Remember those guys in high school who took shop? If you’re too young to travel down memory lane, I’ll refer you to the movie Grease and the guys practicing their mechanical skills in shop class on the souped up hot rod.
The typical vocational student in the 60s and 70s faced an educational dead end. They got their high school degree and, if they were lucky, maybe a two-year associate degree at a community college or junior college as we called it then.
Enter the new world. Today’s manufacturing jobs have nothing to do with the demeaning stereotype of shop classes years ago. Automation engineers and machinists today possess highly skilled technical and manual abilities with salaries that can reach into the $80,000s.
Dr. Eric Roe, director of the Florida Advanced Technological Education Center at Hillsborough Community College, is trying hard to dispel the shop class myth, which many students and adults still believe in today. Roe, who worked in research and development at Tropicana, is busy educating high school students as well as school career counselors about the awesome job potential of the manufacturing industry.
Never miss a local story.
Roe and others are trying to close the skill gap that exists. Lots of engineering, skilled trades and technical jobs go wanting because there are not enough people with the right skills that employers can hire. All of this despite the fact we have nearly an 11 percent unemployment rate in Manatee County and thousands of people out of work.
“A couple of generations were told they had to go to college to be a success in life,” he said. If you were in vocational education, you were looked down upon. I know in my high school, those not headed to college were not considered as bright or motivated as those of us who were.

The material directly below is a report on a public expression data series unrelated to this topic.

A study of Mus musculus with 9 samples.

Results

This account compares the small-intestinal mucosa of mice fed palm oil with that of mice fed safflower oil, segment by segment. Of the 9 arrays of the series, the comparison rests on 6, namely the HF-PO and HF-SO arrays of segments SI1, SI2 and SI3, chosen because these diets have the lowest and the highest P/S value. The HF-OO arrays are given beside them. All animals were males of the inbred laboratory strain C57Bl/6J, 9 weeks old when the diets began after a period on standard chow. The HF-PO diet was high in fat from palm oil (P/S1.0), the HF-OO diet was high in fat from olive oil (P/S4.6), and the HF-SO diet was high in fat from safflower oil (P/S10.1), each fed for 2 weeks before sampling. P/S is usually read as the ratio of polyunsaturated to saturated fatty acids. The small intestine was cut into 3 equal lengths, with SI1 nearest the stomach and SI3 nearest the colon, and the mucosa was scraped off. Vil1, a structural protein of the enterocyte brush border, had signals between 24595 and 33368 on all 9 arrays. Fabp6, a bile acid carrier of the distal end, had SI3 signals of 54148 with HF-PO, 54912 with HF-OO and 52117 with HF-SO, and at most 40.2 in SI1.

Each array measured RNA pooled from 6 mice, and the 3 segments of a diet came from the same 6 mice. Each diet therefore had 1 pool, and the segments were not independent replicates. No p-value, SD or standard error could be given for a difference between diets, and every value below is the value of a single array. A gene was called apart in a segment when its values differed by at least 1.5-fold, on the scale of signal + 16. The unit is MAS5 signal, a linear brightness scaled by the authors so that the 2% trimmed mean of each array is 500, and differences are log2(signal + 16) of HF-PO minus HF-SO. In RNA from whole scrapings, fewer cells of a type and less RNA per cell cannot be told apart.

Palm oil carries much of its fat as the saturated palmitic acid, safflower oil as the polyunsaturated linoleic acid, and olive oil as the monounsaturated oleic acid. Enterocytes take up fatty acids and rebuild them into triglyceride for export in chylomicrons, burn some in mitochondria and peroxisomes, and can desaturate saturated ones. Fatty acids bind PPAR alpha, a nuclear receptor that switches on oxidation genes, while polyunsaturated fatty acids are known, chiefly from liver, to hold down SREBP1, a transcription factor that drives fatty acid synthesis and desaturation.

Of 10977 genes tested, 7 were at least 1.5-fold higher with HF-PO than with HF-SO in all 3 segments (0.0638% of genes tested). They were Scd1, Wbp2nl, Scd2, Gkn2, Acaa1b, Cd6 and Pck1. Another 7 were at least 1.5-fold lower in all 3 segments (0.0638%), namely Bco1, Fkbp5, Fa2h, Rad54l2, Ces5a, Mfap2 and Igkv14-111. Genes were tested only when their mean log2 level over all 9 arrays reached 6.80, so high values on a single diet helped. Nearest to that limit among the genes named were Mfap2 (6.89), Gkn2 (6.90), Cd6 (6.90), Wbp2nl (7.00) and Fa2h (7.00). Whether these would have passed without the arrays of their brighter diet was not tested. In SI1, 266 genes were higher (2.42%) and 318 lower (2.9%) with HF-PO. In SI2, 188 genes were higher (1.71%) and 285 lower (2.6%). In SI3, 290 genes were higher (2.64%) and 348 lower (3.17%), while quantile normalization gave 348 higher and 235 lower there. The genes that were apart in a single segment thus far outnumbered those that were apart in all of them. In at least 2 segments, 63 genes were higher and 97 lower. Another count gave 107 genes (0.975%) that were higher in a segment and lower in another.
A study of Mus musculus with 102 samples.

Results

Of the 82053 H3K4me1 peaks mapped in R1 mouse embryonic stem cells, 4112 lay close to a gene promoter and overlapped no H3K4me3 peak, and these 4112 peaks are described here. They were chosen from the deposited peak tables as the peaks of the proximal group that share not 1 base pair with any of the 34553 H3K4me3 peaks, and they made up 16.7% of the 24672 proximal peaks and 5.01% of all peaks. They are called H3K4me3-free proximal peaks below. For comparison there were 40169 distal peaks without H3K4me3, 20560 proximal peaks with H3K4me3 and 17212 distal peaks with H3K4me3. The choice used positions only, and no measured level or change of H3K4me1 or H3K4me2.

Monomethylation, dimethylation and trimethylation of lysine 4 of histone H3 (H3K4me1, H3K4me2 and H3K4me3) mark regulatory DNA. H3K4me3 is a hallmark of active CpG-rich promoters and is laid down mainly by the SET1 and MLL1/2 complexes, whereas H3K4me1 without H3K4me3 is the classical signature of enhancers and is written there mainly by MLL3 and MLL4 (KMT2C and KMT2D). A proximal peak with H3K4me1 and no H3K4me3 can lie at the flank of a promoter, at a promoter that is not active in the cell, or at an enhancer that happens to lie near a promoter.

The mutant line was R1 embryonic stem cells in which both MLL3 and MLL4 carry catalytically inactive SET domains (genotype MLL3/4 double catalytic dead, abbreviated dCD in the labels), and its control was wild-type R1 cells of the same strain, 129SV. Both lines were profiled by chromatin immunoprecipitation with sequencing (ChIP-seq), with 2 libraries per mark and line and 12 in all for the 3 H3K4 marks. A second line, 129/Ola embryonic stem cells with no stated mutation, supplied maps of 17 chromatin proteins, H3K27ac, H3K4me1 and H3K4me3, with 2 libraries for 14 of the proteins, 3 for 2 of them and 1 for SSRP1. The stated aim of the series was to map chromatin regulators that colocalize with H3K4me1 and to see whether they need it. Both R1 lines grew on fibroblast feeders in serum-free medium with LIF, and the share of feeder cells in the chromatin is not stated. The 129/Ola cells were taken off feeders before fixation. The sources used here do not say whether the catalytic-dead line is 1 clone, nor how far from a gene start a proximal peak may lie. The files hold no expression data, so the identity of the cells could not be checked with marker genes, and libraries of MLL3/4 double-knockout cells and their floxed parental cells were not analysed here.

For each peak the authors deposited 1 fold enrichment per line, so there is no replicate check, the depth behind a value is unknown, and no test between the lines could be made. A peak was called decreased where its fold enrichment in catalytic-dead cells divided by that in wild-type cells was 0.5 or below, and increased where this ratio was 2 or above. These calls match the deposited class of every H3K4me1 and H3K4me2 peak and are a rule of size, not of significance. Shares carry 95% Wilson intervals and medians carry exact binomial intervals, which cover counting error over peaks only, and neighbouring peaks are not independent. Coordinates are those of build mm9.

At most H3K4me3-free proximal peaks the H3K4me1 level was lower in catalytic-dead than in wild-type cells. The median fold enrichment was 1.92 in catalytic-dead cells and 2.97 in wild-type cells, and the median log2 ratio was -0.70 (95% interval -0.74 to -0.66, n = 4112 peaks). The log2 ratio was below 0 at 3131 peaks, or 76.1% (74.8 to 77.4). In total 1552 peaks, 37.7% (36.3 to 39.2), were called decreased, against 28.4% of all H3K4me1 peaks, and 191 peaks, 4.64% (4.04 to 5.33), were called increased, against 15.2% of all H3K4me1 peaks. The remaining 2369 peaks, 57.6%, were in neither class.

But things are changing, Roe says. The education infrastructure has been changed to remove the roadblocks to continuing education and now students learning technical skills can get educational credit that will lead them to bachelor and master’s degrees.
“Previously the academic programs were not in place but we are seeing that change,” Roe says. Made in Florida is a program Roe is involved with that exposes students to the world of manufacturing through onsite visits and placing educational materials in the schools that explain what these high wage, high skill jobs look like.
And he’s getting a good response. Thousands of students are expressing an interest in learning more about the nearly 17,000 manufacturers in the state with a 400,000 workforce.
Another part of the problem Roe and others face is helping people realize that these not-so-visible jobs are in their community. Inside those bland looking cluster of buildings, often in industrial parks, are people using their creative skills to develop products essential to our economy.
Roe and others predict in the next few years a difference will be seen. “People are in the pipeline right now,” he said. Those graduates will be entering the workforce and making a difference.
They’ll be filling essential jobs with an average wage of $47,500, 20 percent higher than Florida’s overall average wage with a salary potential in the $60,000s and $80,000s.
Hopefully we’ll be able to say goodbye to the skills gap for good.